Moving and Shaking
So there are about 10,000 really good checklists for moving house. Your moving company is likely to have one and sites like Pinterest are full of aesthetically pleasing printables that will help move you from house A to house B.
Yet if it were as easy as following a checklist, it wouldn’t be one of the most stressful life events, with a psychological equivalent of the death of a family member. My experience and observations are that moving ‘stress’ has very little to do with those checklists, or with packing boxes and mail redirections.
No, the stress of moving has to do with the arbitrage of saying goodbye to one chapter and simultaneously creating another one. To process the emotions of goodbye and grief along with the emotions of hope and hello at the same time, it’s a lot to get through.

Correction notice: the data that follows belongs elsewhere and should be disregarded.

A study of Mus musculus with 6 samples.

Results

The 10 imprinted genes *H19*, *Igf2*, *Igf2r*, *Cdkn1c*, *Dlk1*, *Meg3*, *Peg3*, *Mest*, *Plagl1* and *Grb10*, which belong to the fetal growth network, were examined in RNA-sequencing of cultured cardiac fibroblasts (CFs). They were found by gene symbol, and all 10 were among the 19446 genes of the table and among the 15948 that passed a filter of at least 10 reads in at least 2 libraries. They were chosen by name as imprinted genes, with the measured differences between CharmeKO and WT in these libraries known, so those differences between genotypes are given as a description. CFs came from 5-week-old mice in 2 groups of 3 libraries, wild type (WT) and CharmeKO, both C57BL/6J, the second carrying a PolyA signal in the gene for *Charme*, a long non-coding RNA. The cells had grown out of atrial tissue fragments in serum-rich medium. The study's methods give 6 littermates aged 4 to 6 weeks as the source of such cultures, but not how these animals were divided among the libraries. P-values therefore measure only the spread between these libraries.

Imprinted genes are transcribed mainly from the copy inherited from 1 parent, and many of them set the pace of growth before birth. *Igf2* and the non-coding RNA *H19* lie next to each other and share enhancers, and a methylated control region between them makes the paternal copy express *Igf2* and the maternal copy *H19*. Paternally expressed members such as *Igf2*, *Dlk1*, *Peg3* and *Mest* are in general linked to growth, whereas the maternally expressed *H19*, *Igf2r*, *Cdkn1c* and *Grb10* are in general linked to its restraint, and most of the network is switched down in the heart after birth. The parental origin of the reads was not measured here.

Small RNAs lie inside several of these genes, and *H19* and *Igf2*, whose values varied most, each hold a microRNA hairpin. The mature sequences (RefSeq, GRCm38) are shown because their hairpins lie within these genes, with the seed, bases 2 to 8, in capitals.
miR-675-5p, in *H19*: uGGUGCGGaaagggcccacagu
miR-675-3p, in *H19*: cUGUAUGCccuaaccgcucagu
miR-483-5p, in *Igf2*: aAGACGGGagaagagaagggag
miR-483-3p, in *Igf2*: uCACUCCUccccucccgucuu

It is important to acknowledge that even when moves are happening for all of the right reasons. When change brings new opportunities and new adventures, there is the pause of anticipation that can be difficult to digest. If there wasn’t a level of anxiety and uncertainty about the next move, there could hardly be excitement, could there?
Yet, even with the most rational and logical reasons to be excited, there is also every reason to feel fear about the road ahead and of course sadness about the story that you leave unwritten. Sadness can be mixed into even the happiest of times and I think its presence does not show true sadness in the traditional sense, but rather it can demonstrate the depth of feeling that existed. How wonderful it is to have something to be sad about leaving.
It is OK to feel like your emotions are all over the place during a move, and mostly because those emotions are coming from all over the spectrum.
Notwithstanding how daunting that checklist of important moving jobs is, making some time to process your emotions and practice some self-care during the process could just be the most important thing that you won’t find on those lists.